Sunday 21 July 2019

Property market crash claims its first big victim

Michael Taggart, left, chief executive, and John Taggart, construction director, at the troubled Derry-based
construction firm, one of the country's largest developers
Michael Taggart, left, chief executive, and John Taggart, construction director, at the troubled Derry-based construction firm, one of the country's largest developers

John Mulligan

The property bust has claimed its first big victim, with one of the country's largest developers, Taggart Holdings, yesterday seeing its Irish business units placed under administration.

Ulster Bank and Bank of Ireland petitioned to have an administrator appointed to the Derry-based firm's Irish units, which include a holding company, as well as a Dublin-based subsidiary that has been effectively inactive for over a year.

Last year, Taggart Holdings and its subsidiaries built 500 homes in Ireland and the UK, while it also paid millions of euro for land in north Dublin, close to Charles Haughey's former home in Kinsealy.

Some sites have been placed in receivership. The group's total land bank is thought to be worth more than €600m, on paper.

Taggart Holdings was founded by brothers Michael and John Taggart in 1989, and has been under duress for a number of months.

Earlier this year, it engaged KMPG to negotiate its financial obligations with its two main lenders.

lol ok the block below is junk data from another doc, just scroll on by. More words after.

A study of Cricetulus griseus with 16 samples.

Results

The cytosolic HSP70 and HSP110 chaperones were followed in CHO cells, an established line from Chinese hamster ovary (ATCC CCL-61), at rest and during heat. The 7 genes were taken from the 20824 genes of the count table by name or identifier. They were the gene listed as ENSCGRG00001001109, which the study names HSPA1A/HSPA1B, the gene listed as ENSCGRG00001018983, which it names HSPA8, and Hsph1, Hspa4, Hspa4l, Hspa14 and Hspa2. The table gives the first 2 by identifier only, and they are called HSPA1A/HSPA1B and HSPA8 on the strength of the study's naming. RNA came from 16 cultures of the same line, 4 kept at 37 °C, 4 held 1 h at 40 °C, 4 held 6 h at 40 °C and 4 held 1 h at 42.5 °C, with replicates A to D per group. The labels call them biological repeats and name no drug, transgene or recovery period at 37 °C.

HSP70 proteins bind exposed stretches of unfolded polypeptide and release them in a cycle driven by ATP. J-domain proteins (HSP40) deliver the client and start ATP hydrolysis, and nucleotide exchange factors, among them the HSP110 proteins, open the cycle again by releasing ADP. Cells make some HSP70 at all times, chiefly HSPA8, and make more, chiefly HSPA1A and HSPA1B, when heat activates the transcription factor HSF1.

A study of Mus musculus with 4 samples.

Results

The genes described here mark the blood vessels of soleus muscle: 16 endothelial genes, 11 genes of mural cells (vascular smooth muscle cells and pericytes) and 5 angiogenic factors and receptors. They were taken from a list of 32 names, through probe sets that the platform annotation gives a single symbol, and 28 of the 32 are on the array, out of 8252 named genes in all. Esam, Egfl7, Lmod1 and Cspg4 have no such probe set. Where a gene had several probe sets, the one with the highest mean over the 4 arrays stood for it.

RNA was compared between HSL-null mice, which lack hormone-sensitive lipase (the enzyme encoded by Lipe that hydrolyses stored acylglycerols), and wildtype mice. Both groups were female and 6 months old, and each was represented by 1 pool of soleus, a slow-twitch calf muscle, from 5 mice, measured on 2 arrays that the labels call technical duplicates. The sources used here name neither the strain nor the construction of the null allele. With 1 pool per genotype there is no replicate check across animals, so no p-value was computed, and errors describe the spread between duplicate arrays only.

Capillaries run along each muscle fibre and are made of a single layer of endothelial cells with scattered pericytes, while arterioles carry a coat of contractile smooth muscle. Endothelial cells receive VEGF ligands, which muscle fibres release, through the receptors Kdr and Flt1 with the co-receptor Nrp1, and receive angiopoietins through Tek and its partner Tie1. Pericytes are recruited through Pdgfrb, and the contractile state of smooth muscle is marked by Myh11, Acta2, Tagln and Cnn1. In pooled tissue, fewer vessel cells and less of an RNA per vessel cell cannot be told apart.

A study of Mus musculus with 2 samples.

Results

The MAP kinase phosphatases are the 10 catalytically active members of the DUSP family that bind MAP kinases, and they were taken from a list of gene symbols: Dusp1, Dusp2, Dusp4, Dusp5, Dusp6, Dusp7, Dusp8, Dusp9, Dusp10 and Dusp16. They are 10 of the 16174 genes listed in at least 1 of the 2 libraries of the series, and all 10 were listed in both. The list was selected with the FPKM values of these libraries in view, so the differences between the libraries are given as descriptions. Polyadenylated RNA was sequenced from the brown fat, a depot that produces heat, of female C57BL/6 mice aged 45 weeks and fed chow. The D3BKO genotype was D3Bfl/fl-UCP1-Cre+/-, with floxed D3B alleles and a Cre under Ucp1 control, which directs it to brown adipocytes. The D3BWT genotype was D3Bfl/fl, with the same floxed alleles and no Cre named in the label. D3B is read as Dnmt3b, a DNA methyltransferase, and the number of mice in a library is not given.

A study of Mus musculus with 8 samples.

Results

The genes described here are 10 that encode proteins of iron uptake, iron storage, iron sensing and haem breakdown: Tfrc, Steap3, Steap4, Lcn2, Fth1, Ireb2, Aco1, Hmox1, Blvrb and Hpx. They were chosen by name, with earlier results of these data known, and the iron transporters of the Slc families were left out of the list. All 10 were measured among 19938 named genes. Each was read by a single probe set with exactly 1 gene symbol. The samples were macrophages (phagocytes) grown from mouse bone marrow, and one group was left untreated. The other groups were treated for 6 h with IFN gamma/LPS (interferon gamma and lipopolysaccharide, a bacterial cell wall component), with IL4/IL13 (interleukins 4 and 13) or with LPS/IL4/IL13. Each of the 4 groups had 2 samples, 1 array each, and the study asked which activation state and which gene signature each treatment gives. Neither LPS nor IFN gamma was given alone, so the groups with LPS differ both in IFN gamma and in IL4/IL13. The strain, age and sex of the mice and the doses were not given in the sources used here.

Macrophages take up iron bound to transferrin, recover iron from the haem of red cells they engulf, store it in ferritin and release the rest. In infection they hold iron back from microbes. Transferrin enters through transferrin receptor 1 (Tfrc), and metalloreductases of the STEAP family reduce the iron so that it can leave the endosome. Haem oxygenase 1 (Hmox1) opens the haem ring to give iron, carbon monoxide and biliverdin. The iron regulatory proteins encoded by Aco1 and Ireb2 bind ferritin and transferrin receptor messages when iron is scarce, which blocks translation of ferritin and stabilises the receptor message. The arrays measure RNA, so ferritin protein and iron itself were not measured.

The Taggart brothers were also locked in negotiations for a number of months with Irish builder John McCann, who had been considering boosting his stake in the troubled firm.

Michael Taggart had remained hopeful that a deal would be inked with Mr McCann.

However, the Irish Independent revealed last month that those negotiations had terminated and that Taggart Holdings was scouting for alternative partners.

Ulster Bank is thought to have been concerned that the affected Taggart firms would be unable to trade out of their current difficulties.

In a statement yesterday, Michael Taggart described the move as "deeply regrettable" and added that it was a sign of the "seriousness of the crisis" facing the industry in Ireland.

The company now has just 14 core staff, from a high of 150.

PriceWaterhouseCoopers has now been appointed to trawl through the Taggart books. It will now determine the precise debt position of the relevant firms, as well as the value of assets now held by them.

While it has been speculated that Ulster Bank could be shouldering relatively small amounts of the outstanding debt, other industry sources have suggested that both Ulster bank and Bank of Ireland are bearing an equal burden.

Taggart Group's outstanding bank debt stood at £45m at the end of 2006.

Total debt at the time was £95.1m (then €141m), up from almost £19m at the end of 2005. Bank loans and overdrafts had quadrupled between 2005 and 2006. It's been speculated that group debt could now be as high as £150m (€194m).

In 2004, Taggart Holdings pulled out of a bid to buy listed house builder McInerney Holdings.